Petroleum was the source of less than 1% of U.S. electricity generation in 2019. Residual fuel oil and petroleum coke are used in steam turbines. Distillate or diesel fuel oil is used in diesel engine generators. Residual fuel oil and distillates can also be burned in gas turbines.
The power generation industry can be split into three areas: power generation, transmission and distribution networks, and metering and sales. Large energy companies tend to operate in all three areas, as it is more cost-effective, but smaller companies often only work in one of these areas.
Fossil fuel power stations provide most of the electrical energy used in the world. Some fossil-fired power stations are designed for continuous operation as baseload power plants, while others are used as Peaker plants.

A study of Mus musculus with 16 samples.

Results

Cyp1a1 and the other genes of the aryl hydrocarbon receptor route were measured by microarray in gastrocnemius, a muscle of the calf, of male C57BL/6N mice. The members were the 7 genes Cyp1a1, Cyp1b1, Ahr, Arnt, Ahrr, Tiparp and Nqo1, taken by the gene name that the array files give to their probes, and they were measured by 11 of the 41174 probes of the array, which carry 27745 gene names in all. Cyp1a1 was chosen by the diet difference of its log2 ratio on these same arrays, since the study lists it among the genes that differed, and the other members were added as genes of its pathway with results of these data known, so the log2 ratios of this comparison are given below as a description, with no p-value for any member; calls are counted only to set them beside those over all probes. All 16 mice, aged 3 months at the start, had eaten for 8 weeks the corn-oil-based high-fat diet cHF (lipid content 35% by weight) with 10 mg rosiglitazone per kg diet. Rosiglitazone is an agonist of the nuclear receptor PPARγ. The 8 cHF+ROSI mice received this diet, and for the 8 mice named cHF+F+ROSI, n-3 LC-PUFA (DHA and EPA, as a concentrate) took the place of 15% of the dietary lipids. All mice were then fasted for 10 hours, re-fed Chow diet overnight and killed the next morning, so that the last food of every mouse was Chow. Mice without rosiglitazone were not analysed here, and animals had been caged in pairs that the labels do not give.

Power generation, primarily fossil fuel-based, accounts for approximately one-quarter of total emissions of CO2, the primary contributor to global warming. The Intergovernmental Panel on Climate Change provides the most detailed analyses and data developed to date on the sources and impacts of CO2 concerning global warming. The full repercussions and impacts of increases in CO2 are not fully understood, but research is ongoing by IPCC and others.
Liquid fuels may also be used by gas turbine power plants, especially for peaking or emergency service. Of the three fossil fuel sources, oil has the advantages of easier transportation and handling than solid coal, and easier on-site storage than natural gas.